Although it can be a more affordable alternative to purchasing a new vehicle, buying a used car can be an overwhelming process. In the past three years, the Better Business Bureau received 26,000 complaints regarding used-car purchases. Whether you’re looking for your first car or replacing the family vehicle, the BBB provides some tips to help your find a car dealer you can trust:
- Use a reputable dealer. Research the dealership’s business profile at bbb.org. Check the company’s track record, history of resolving complaints, customer reviews and advertising reviews.
- The Used Car Rule. The Federal Trade Commission’s Used Car Rule states that dealerships must post a buyer’s guide for every used car that is for sale. In addition to any major mechanical or electrical issues with the car, the guide will inform a buyer if the car comes with a warranty, or if it’s being sold “as is,” and the percentage of repair costs to be paid by the dealer if it does include a warranty.
- Know the history of the vehicle. Make sure the vehicle identification number on the driver’s side dashboard and on the driver’s side door post are identical. The VIN provides a vehicle history report and allows the buyer to check the title of the used car. Find these reports online at the National Motor Vehicle Title Information System website. Also, be sure to obtain any service records that are available.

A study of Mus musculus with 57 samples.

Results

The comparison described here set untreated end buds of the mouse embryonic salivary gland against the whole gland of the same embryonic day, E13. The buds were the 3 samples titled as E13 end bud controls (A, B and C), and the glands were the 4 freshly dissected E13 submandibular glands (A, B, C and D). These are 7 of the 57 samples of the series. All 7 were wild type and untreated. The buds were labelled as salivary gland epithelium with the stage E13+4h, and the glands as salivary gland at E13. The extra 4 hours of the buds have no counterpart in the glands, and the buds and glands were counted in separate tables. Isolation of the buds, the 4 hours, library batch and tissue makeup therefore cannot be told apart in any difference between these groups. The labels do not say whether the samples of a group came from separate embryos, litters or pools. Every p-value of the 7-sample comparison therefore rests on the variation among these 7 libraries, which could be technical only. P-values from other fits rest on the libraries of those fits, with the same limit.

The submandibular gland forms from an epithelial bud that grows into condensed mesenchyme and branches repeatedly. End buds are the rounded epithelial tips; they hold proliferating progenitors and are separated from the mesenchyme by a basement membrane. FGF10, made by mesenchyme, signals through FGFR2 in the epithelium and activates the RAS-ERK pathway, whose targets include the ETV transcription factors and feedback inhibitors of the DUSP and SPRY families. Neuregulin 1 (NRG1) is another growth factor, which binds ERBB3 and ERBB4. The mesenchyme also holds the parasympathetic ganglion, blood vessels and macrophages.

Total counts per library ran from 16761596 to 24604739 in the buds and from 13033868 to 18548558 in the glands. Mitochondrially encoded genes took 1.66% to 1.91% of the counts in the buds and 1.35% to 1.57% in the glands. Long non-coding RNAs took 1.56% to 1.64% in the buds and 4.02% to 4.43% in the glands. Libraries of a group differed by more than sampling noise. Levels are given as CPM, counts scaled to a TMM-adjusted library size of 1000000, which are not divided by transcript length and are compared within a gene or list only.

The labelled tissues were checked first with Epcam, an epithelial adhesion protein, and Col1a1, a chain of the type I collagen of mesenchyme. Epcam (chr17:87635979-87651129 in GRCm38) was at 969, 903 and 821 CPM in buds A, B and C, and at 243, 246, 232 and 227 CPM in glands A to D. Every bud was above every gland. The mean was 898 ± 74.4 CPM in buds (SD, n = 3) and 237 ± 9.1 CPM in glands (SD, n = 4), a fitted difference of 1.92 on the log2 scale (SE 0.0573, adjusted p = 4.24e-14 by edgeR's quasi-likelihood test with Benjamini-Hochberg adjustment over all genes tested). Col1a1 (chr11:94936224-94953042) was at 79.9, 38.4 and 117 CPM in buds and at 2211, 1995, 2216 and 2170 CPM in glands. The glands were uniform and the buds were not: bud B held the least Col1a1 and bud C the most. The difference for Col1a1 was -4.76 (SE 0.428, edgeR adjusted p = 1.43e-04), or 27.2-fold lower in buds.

- Test drive the vehicle. Try to drive on various road conditions, in traffic and on hills and highways. Consider things like comfortability, visibility and any possible noise coming from the vehicle. It’s also important to note how the car shifts and how the pedals feel when you brake.
- Have the car inspected. The dealer should have nothing to hide. If the salesman does not allow you to have a third-party mechanic inspect the vehicle, you may choose to look elsewhere.
- Consider a certified, pre-owned vehicle. These are vehicles that typically have been given multipoint inspections before being placed on the lot. CPO programs are backed by many automakers, and the vehicles may include an extended manufacturer’s warranty on major parts such as the engine and transmission at no cost.
- Read the contract carefully. Take your time to read and understand the entire written agreement. Be sure that all blank spaces are filled in, that all verbal promises are included, and that the type of warranty that comes with the car is spelled out.
As there are many opportunities for people to get scammed, the BBB reminds them to use extreme caution purchasing vehicles online through third parties. Even if you able to test drive, and obtain an official vehicle history report using the car’s VIN number, these are extremely risky transactions that leave consumers vulnerable to many kinds of fraud. The BBB also reminds consumers never to wire funds or send funds via pre-paid card to someone you don’t know.
For more tips on how to be a savvy consumer, go to bbb.org. To report fraudulent activity or unscrupulous business practices, call the BBB Hotline: 903-581-8373 or report it via BBB ScamTracker.